Wednesday, June 03, 2009


1. For the umpty-seventh time, yes, I am the Richard Epstein. Those other Richard Epsteins are each a Richard Epstein. Yes, that professorly chap is more famous, but, dude, the gentleman is an attorney.

2. No, I do not know why a certain class of intellectual dilettante advocates the legalization of marijuana, but the prohibition of tobacco. Probably because I smoke cigars. And why are you asking a poet this question? This sort of conundrum is best addressed by Jerry Seinfeld.

3. As between Derek Walcott and Ruth Padel, I'd choose Francis Turner Palgrave, who has prior experience in the position, wore a long, but rather patchy, beard, is responsible for The Golden Treasury, which promoted the confusion of good poetry with Good Taste, and who edited a volume of selections from Robert Herrick mysteriously entitled Chrysomela.

4. No, I have no idea why the guy who played Kumar and Dr Kutner is in the White House now. What made you think I could explain this? Anyway, isn't Martin Sheen still President? Maybe Kumar/Dr Kutner knows him. Or Charlie Sheen.

5. I prefer the Oxford comma, even though Fowler eschews it, except when its omission would occasion confusion. The truth is, I like punctuation. I hope someday I shall find a grilled cheese sandwich bearing the imprint of a semi-colon. Should/would works just the same as shall/will, except that the distinction is even less observed. Do not get me started on decimate.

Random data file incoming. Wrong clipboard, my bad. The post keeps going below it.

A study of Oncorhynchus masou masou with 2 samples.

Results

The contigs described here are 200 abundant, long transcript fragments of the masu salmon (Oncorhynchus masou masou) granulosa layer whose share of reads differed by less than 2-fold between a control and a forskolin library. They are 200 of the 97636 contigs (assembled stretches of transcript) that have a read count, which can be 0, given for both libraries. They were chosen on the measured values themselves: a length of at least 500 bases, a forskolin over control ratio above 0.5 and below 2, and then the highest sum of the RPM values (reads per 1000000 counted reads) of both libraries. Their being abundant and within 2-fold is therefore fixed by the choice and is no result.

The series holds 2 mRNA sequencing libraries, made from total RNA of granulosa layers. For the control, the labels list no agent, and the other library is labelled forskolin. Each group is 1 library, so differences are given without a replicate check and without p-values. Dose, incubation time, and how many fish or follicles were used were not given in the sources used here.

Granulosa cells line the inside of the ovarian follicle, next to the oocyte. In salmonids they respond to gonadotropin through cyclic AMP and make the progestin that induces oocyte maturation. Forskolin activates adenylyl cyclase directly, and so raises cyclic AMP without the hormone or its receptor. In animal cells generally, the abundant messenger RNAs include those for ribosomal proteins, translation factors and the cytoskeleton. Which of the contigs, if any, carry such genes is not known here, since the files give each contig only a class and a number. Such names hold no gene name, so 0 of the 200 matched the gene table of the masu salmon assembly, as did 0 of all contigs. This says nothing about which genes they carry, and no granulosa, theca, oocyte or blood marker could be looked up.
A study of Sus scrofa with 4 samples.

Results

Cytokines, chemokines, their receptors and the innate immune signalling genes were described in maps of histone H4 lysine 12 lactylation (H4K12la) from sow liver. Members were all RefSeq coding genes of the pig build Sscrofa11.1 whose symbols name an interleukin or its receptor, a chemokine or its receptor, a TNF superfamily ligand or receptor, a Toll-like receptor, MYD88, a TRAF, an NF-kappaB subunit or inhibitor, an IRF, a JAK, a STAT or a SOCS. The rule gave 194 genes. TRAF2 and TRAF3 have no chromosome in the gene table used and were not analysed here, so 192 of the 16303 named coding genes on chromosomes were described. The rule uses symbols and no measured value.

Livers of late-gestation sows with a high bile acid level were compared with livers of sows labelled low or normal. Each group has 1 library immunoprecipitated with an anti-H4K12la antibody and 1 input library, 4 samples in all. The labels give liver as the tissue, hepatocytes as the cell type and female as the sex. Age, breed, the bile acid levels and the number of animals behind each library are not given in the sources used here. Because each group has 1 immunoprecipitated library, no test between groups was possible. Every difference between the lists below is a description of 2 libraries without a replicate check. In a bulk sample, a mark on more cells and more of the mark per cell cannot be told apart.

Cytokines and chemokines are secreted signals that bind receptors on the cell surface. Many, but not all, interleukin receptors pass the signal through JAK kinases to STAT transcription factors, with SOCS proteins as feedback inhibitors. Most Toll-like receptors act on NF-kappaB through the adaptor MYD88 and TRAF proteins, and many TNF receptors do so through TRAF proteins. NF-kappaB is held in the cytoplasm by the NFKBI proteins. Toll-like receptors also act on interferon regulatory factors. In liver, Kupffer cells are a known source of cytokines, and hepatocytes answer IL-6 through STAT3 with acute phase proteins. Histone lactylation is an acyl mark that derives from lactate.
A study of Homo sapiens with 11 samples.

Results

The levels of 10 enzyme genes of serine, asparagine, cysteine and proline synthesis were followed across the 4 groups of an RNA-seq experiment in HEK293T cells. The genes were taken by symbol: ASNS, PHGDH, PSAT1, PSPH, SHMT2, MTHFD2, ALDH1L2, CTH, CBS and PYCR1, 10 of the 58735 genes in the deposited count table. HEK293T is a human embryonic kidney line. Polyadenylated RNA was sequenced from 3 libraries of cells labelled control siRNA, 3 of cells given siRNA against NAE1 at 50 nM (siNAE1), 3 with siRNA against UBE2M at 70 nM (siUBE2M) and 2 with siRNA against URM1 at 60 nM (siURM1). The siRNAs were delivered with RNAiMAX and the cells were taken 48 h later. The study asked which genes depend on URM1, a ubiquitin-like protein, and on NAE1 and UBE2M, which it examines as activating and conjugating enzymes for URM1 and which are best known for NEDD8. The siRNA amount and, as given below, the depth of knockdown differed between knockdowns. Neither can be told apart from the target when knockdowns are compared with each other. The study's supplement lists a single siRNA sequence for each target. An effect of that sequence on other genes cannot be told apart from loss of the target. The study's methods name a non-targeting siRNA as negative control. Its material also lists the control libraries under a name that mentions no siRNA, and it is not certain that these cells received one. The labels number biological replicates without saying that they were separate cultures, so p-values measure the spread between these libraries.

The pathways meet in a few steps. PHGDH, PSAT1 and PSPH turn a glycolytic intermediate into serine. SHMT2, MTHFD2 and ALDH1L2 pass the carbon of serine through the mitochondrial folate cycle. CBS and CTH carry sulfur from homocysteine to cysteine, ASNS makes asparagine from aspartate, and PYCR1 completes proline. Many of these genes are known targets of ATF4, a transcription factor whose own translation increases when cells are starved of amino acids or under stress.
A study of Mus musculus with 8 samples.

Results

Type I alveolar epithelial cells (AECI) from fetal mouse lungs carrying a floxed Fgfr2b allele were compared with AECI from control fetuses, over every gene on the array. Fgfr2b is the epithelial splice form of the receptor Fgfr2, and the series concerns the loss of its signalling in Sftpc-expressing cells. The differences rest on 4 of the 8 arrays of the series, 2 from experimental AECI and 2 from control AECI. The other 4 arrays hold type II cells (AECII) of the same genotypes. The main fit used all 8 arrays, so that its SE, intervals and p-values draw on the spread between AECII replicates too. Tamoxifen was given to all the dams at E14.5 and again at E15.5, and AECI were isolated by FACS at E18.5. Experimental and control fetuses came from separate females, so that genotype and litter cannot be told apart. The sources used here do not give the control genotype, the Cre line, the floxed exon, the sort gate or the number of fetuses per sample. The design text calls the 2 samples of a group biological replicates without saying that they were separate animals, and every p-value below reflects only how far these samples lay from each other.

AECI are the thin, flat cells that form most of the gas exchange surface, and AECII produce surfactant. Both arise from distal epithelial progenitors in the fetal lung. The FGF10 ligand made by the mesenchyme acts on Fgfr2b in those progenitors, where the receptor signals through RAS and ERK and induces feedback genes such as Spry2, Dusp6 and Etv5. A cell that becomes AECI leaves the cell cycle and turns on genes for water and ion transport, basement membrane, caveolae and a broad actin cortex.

Anonymous said...

The Richard Epstein,

The free online dictionary says "Decimate originally referred to the killing of every tenth person, a punishment used in the Roman army for mutinous legions. Today this meaning is commonly extended to include the killing of any large proportion of a group. Sixty-six percent of the Usage Panel accepts this extension in the sentence The Jewish population of Germany was decimated by the war, even though it is common knowledge that the number of Jews killed was much greater than a tenth of the original population." So go ahead, take your best shot. You will be decimated.

RHE said...

Dear Anonymous,

The Free Online Dictionary is worth what you paid for it. It's the same authority which says of "whom,"

It was formerly considered correct to use whom whenever the objective form of who was required. This is no longer thought to be necessary and the objective form who is now commonly used, even in formal writing: there were several people there who he had met before

which seems to me to be the straightforward reporting of ignorance, rather than a useful recommendation. On the other hand, usage may predict the future, when, as you may recall, we shall all have personal jetpacks.